This is the tenth progress report from the Wide Finder Project. What with Vegas and the Commies, I’m behind on a lot of things, including the Wide Finder. This is another entry just to note other people’s work, which I really absolutely will buckle down and run on the big iron and report back and shower praise on the good ones and derision on the big misses.

Command Line · Paddy3118 has Wide Finder on the command line, which is unsurprising but good to have on the record.

PHP · Russ Beattie’s WideFinder in PHP is valuable if only for the sake of completeness.

C++ · From #hircus (hey, I don’t pick these stupid blogger handles) comes Tim Bray’s Wide Finder: a minimalist implementation. His first cut runs slower than Ruby so I suspect something’s wrong.

Erlang · And of course, the redoubtable and indefatigable Steve Vinoski is back with One More Erlang Wide Finder; applying my amazing powers of deduction to his filenaming convention, this is his fourteenth attempt.

Caoyuan Deng is on a relatively-sane fifth attempt: Learning Coding Parallelization (Was Tim's Erlang Exercise - Round V).


Comment feed for ongoing:Comments feed

From: Steve Vinoski (Oct 15 2007, at 23:08)

Hi Tim, don't read too much into the number 14. :-)

I worked on the WF quite a bit right after you first blogged about it, and then didn't touch it for awhile, and then worked on it again last Saturday when I implemented the Boyer-Moore searching -- that was number 14. The versions before 5 were fairly serious, but the ones between 5 and 14 were just tiny little two-minute tweaks that I tried here and there as they crossed my mind, with none having any worthwhile impact.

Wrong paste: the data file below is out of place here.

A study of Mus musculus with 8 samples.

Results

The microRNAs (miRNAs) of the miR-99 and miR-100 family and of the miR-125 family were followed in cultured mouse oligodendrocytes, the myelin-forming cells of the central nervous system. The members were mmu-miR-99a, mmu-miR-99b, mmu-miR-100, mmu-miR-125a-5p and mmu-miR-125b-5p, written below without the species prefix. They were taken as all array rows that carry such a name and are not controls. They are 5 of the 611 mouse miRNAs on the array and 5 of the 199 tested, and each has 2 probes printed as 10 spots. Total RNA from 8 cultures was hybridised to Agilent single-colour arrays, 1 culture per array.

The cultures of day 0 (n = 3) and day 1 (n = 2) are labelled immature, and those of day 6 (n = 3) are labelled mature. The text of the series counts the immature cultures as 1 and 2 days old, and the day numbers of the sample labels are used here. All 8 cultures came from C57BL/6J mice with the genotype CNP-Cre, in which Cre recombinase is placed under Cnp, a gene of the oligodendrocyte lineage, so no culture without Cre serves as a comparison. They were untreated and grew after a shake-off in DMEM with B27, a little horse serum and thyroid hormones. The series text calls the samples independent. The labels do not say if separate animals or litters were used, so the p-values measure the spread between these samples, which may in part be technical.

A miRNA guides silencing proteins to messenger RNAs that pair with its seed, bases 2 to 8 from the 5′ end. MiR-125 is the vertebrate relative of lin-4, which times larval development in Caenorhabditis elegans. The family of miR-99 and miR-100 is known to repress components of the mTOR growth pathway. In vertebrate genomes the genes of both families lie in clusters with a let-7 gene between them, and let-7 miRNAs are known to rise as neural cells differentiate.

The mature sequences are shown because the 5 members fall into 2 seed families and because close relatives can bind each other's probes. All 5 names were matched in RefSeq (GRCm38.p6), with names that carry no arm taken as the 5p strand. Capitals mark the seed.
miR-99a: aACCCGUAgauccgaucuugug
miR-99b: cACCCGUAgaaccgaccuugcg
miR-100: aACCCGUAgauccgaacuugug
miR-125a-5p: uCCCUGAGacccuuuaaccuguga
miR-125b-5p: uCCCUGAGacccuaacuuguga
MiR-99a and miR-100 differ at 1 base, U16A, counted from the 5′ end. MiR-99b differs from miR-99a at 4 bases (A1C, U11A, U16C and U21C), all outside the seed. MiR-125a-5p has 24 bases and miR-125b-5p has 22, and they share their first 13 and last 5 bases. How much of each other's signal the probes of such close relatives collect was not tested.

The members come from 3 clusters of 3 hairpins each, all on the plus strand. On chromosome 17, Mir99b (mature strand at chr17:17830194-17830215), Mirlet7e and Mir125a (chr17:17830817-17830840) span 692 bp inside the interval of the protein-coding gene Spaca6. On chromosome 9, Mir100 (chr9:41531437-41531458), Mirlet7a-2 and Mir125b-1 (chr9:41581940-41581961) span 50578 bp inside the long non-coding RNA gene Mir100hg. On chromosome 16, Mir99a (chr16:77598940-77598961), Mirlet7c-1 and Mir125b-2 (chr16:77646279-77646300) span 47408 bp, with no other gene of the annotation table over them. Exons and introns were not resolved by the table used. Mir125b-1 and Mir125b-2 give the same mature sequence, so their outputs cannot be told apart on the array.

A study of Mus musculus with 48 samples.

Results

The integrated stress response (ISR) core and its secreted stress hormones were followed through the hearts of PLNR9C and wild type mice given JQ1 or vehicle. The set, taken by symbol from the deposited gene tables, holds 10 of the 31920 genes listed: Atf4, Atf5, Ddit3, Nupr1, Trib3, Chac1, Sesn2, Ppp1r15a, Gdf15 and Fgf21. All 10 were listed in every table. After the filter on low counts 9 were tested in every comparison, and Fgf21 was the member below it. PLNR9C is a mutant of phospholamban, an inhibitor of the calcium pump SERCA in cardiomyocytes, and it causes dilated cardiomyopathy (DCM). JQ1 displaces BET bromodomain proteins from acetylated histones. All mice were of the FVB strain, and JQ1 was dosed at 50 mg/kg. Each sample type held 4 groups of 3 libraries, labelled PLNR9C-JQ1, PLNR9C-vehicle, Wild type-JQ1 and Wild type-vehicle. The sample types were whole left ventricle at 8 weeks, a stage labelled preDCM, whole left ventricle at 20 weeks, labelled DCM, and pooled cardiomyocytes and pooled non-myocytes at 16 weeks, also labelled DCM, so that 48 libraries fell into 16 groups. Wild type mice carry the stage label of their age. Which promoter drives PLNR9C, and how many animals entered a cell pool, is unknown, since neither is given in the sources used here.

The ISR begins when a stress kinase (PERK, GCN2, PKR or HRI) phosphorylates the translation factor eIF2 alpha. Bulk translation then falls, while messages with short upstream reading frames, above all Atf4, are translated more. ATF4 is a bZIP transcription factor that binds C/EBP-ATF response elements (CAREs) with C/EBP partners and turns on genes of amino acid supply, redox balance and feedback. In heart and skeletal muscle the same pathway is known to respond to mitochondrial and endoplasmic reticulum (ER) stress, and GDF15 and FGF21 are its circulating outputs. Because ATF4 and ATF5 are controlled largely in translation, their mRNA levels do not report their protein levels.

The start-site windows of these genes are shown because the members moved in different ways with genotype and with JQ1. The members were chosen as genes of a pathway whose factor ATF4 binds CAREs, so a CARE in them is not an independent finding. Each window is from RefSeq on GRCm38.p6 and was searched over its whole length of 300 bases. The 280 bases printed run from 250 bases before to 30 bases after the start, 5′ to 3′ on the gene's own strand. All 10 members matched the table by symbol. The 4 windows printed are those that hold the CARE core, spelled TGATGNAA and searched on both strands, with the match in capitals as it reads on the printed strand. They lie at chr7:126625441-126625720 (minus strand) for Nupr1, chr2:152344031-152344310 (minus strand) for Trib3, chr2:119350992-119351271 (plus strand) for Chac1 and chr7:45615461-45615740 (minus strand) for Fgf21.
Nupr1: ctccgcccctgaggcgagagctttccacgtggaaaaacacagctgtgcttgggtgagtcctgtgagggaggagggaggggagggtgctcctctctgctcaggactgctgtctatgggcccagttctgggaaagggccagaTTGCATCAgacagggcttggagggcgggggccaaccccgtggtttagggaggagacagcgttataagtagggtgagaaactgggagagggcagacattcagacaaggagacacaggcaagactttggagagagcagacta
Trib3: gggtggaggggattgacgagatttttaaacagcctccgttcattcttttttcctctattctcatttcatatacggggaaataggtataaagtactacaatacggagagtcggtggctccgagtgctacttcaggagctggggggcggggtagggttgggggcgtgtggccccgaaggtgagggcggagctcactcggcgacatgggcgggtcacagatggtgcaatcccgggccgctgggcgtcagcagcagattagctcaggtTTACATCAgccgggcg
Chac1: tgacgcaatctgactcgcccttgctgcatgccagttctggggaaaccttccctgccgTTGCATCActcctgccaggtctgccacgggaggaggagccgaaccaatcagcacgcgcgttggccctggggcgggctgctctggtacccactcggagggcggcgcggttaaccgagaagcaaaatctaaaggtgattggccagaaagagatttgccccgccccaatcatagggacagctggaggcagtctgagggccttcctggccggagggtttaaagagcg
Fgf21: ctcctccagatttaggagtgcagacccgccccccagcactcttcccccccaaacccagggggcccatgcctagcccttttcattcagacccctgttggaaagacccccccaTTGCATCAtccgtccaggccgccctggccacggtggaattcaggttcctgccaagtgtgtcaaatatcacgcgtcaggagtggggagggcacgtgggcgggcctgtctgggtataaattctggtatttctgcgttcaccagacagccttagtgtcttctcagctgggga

All in all, though, it's been a great exercise! Now I must go and look up what "redoubtable" and "indefatigable" mean. ;-)


From: Ian Petersen (Oct 15 2007, at 23:42)

I just received the November issue of Linux Journal and the cover story is about a startup called RapidMind. Mike McCool is the Chief Scientist, or somesuch, so I think it's probably tightly tied to the University of Waterloo School of Computer Science.

Anyway, RapidMind has a software product that automagically turns linear-looking C++ code into parallel code that can take advantage of multiple cores and even programmable GPUs. I don't have the C++ chops to try the Wide Finder problem in C++ with RapidMind, but I thought I'd mention it in case someone here does.


From: Michel S. (Oct 16 2007, at 13:02)

Um, hircus == Latin for goat. Silly but not stupid*

The slow C++ score seems to be a byproduct of using C++ strings -- the program performs in about the same time with the regexp matching commented out. Will try on a workstation next to see if it improves, otherwise I'd have to do some optimizations there (like going back to C character arrays).

* Lengthy explanation available on request


From: Hynek (Pichi) Vychodil (Oct 21 2007, at 11:53)

Hi Tim, can you test this on your T2?


From: Hynek (Pichi) Vychodil (Oct 28 2007, at 12:06)

Hi Tim, I was made big improvement of Steve's code and some prallelization of reading and splitting. It is very fast now.